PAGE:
The Head of the Geekforce has been playing with NFC and RFID tags recently. These are tiny chips which when coupled with a slightly larger antenna, maybe a couple of centimeters across, and the thickness of light card, can store and send data to a device a couple of Centimetres away.
So what is the difference between them? How Stuff Works describes it like this; "NFC stands for Near Field Communication, while RFID means Radio Frequency Identification. Both employ radio signals for all sorts of tagging and tracking purposes, sometimes replacing bar codes."
RFID is an older technology, tends to be one way, and can work from up to a couple of feet away, while the newer, NFC chips have a range of a few centimeters, but can establish two-way communication, and this is what he is getting excited about!
You might be familiar with similar chips in your contactless credit card, E-Passport, or key fobs, but they are far more versatile than that.
The cool thing is that the majority of modern Smartphones have this technology built-in, (though users of older iPhones may need to download an App), so you can send data to a phone or a tablet by just touching it to a location.
The Android App has built-in security requiring user confirmation, for actions. especially those that may incur a charge.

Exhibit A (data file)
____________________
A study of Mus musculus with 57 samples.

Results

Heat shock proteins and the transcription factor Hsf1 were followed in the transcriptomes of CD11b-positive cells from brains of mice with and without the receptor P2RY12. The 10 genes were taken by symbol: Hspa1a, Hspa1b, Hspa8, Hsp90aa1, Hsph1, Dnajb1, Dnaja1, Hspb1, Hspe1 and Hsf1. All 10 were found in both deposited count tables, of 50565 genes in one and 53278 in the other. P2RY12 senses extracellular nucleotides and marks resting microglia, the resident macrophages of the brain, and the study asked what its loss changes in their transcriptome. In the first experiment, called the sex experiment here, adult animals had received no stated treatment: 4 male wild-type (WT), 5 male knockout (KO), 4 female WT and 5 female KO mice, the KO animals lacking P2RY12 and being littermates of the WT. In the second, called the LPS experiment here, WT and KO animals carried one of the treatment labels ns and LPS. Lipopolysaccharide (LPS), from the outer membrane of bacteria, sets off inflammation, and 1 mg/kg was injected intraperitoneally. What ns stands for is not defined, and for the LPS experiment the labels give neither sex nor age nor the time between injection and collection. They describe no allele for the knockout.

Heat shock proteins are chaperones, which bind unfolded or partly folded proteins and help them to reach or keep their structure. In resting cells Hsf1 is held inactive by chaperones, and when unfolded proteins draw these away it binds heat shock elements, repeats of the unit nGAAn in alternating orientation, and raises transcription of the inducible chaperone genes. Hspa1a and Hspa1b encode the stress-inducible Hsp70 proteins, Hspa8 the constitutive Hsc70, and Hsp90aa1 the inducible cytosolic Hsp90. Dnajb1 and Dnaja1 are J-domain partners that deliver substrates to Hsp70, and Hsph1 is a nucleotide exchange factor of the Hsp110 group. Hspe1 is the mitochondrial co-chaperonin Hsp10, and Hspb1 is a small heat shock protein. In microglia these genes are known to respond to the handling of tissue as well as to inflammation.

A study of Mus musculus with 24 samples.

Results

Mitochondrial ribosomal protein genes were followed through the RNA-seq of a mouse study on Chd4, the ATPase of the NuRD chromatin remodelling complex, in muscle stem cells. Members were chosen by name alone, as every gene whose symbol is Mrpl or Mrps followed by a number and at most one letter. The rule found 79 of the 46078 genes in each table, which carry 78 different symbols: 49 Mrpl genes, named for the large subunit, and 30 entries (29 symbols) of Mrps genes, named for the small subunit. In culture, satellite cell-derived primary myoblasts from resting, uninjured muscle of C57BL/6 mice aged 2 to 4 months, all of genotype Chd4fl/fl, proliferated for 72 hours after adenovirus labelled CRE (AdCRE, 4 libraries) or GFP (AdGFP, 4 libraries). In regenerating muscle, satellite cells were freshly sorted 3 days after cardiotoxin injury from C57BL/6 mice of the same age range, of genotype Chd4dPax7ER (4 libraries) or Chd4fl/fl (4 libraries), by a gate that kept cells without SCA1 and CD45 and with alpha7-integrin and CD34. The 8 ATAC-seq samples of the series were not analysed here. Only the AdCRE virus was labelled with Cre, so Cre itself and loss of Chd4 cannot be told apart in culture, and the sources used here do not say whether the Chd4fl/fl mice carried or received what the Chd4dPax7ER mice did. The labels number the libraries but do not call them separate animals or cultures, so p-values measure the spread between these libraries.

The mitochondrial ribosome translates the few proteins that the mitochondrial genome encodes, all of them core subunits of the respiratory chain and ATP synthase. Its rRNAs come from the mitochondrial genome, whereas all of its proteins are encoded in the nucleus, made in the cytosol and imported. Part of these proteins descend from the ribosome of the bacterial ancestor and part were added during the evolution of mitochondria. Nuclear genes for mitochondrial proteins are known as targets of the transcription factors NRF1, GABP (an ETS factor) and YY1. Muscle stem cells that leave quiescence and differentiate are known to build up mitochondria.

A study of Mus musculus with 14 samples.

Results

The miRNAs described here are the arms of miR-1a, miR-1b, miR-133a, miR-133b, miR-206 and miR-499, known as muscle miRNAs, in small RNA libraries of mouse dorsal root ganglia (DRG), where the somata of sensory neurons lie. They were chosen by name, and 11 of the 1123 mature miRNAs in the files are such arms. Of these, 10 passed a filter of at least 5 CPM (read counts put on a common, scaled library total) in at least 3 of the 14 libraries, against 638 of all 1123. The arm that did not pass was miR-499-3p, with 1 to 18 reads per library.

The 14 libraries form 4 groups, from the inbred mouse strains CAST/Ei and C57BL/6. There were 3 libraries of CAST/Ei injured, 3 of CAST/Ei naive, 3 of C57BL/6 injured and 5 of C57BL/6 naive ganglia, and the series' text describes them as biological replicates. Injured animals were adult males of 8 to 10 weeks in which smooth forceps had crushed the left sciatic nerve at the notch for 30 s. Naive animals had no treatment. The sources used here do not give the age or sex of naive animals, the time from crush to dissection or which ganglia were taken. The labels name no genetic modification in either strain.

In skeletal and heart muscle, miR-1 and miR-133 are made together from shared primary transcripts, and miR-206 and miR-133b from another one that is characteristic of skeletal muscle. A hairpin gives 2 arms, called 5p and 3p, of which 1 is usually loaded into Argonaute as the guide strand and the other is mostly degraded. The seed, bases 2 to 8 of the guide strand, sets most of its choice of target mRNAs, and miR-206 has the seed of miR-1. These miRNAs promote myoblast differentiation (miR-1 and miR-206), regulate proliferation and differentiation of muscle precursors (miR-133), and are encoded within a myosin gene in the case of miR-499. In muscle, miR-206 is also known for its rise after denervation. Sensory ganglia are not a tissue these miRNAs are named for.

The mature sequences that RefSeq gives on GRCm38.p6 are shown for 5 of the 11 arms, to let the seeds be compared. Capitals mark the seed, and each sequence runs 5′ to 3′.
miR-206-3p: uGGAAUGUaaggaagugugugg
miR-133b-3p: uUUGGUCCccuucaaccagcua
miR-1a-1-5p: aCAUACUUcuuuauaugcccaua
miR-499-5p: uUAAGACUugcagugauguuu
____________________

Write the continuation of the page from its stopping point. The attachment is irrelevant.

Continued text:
While at first sight, these actions may seem a bit limited, we think, from a practical perspective, that they cover a lot of ground, if you are smart and flexible about how you use them. Best of all, these devices are cheap enough to use almost anywhere. We can build the tech, and program the system architecture, and, I think you will agree, they could be a powerful tool for automation.
Consider the potential of the first one! Just by tapping a device on a small, discreet label, a user's phone phone or tablet can communicate with a backend server, allowing you to present a form to collect especially relevant data, or perform an action such as recording, or presenting custom information, straight in the browser.
Larger devices, still smartphone sized, can house small microprocessors, powered from the reading device, and if you can get power to the devices, the world really is your oyster!
My fertile imagination came up with all sorts of potential uses for these, from encouraging user engagement, recording visitor numbers, commercial and industrial applications, to gaming!
So, what could you think of? Please comment with your ideas, the more off the wall the better! I would love to feature Roger's ideas on how to make them happen in a forthcoming blog post!